How Broadway Met Its Tony Host, Neil Patrick Harris

News   How Broadway Met Its Tony Host, Neil Patrick Harris
 
There are two things America needs to know about the Tony Awards broadcast's 2009 host, actor Neil Patrick Harris, in order to make sense of his latest assignment.
Neil Patrick Harris
Neil Patrick Harris

One, he has a history in the theatre. And two, he has plenty of hosting experience.

When the star of the sitcom "How I Met Your Mother" was announced as the master of ceremonies of this year's program, there was a bit a head-scratching around the media world. Harris hardly seemed like an obvious choice. He isn't the face that immediately pops into your mind when you think "theatre person," or even "awards show person." And he wasn't in any Broadway show that played the 2008-09 season.

But the New York theatre community has known Harris as a capable and steady stage presence for years. "My first big chance was Proof," said the actor, talking about the time he entered the Broadway production of the David Auburn play in 2002. "That was my first big test."

The next year, he did a stint playing the Emcee in the long-running Roundabout Theatre Company production of Cabaret. In 2004, he originated a role, playing the Balladeer and Lee Harvey Oswald in the Roundabout revival of Stephen Sondheim and John Weidman's Assassins.

Critics were impressed with Harris' performances. And Harris was impressed by the people around him. "What I found so wonderful is everyone was so supportive of one another. That's very different from how it is in Los Angeles. There is a bit more of a competitive edge there. Here, you have softball leagues, and after-show drinking at Angus McIndoe, and the Easter Bonnet Competition. It's just a lovely community." When Harris learned the Tony people were looking for a host, he made sure they knew he was interested. What got him the gig was when the Tony people watched him hosting the 2009 TV Land Awards, which were held April 26. "They invited me to a long lunch, which I took as a good sign."

While very busy as an actor, Harris has cultivated a healthy sideline as a witty, breezy, likable awards show host. He was host of the 2008 Primetime Creative Arts Emmy Awards and the 2008 World Magic Awards. It was perhaps a measure of the industry's assessment of his emcee-ing abilities that "Saturday Night Live" asked him to be the host of one of its 2009 shows.

If the words "World Magic Awards" stopped you cold in the previous paragraph, they shouldn't have. Harris is an adept amateur magician and has etched out a reputation for himself on the talk show circuit as a man willing to perform a few tricks for the audience. However, Harris said he doesn't plan to pull any quarters out of any ears during the June 7 Tony broadcast (CBS-TV 8-11 PM, ET).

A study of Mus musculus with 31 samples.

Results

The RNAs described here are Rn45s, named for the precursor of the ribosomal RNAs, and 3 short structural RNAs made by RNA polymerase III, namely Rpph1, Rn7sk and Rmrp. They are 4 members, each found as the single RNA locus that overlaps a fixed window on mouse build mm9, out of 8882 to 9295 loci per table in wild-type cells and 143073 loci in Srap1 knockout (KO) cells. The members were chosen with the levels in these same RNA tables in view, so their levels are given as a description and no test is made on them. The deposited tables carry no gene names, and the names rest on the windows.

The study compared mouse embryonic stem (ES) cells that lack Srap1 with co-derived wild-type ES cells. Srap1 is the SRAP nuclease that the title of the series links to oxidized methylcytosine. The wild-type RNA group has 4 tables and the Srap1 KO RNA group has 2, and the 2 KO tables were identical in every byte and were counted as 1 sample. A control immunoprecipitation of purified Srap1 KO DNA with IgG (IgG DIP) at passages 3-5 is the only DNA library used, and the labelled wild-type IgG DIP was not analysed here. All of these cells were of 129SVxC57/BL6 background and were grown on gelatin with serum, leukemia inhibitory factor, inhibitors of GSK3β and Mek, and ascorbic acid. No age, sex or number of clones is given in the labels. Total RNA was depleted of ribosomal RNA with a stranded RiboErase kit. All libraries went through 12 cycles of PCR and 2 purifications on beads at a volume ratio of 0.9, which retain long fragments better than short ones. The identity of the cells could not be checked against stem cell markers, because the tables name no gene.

"I don't see the role of the host as being a performer," he said. "I might feel differently if the nature of the show wasn't so much about performance. But the Tonys are all about showcasing these shows on Broadway that are playing every night. For the host to be performing, too, seems to me a bit counterintuitive."

That's not to say that Harris won't do a little singing and dancing. He also has something up his sleeve that he chooses not to reveal. "I think I've come up with something clever that hasn't been tried yet,” he said, cryptically.

The man still best known to a large section of the public as kid doctor on TV's "Doogie Howser, M.D." was born in Albuquerque, NM, and grew up in Ruidoso, NM. His parents were lawyers. He broke into show business by tagging along with an older brother to an audition for a fourth grade play. He won a role: as Toto in The Wizard of Oz. Thus began a successful career as a child actor.

Harris has considerably stretched his professional profile since taking on the role of Barney Stinson in the hit CBS sitcom "How I Met Your Mother." A comically repellent womanizer, Barney is about as far from Doogie as you can get. In "Harold & Kumar Go to White Castle and "Harold & Kumar Escape from Guantanamo Bay," he played a character called Neil Patrick Harris, a drug-addled, perverse parody of his true persona. During the Hollywood writers strike, he took on the title role in Joss Whedon's cult musical web series, "Dr. Horrible's Sing-Along Blog." And he took on a role (as a Very Smart Fellow) in Prop 8—The Musical, a music video written by Hairspray's Marc Shaiman satirizing the California ballot proposition that amended the state Constitution to restrict the definition of marriage to a union between a man and a woman. The on-line video became a web phenomenon.

The actor is plenty busy in the week leading up to the Tony ceremony. "One of the provisos of taking the job," he said, "is they said the host would have to get out there and promote to the show." Spots on "The Daily Show," "The View" and "David Letterman" were promptly booked, not to mention countless interviews with print, radio and internet journalists.

On "The View," he'll be interviewed by Whoopi Goldberg, a former Tonys emcee. "I'm going to ask her from some hosting tips," said Harris.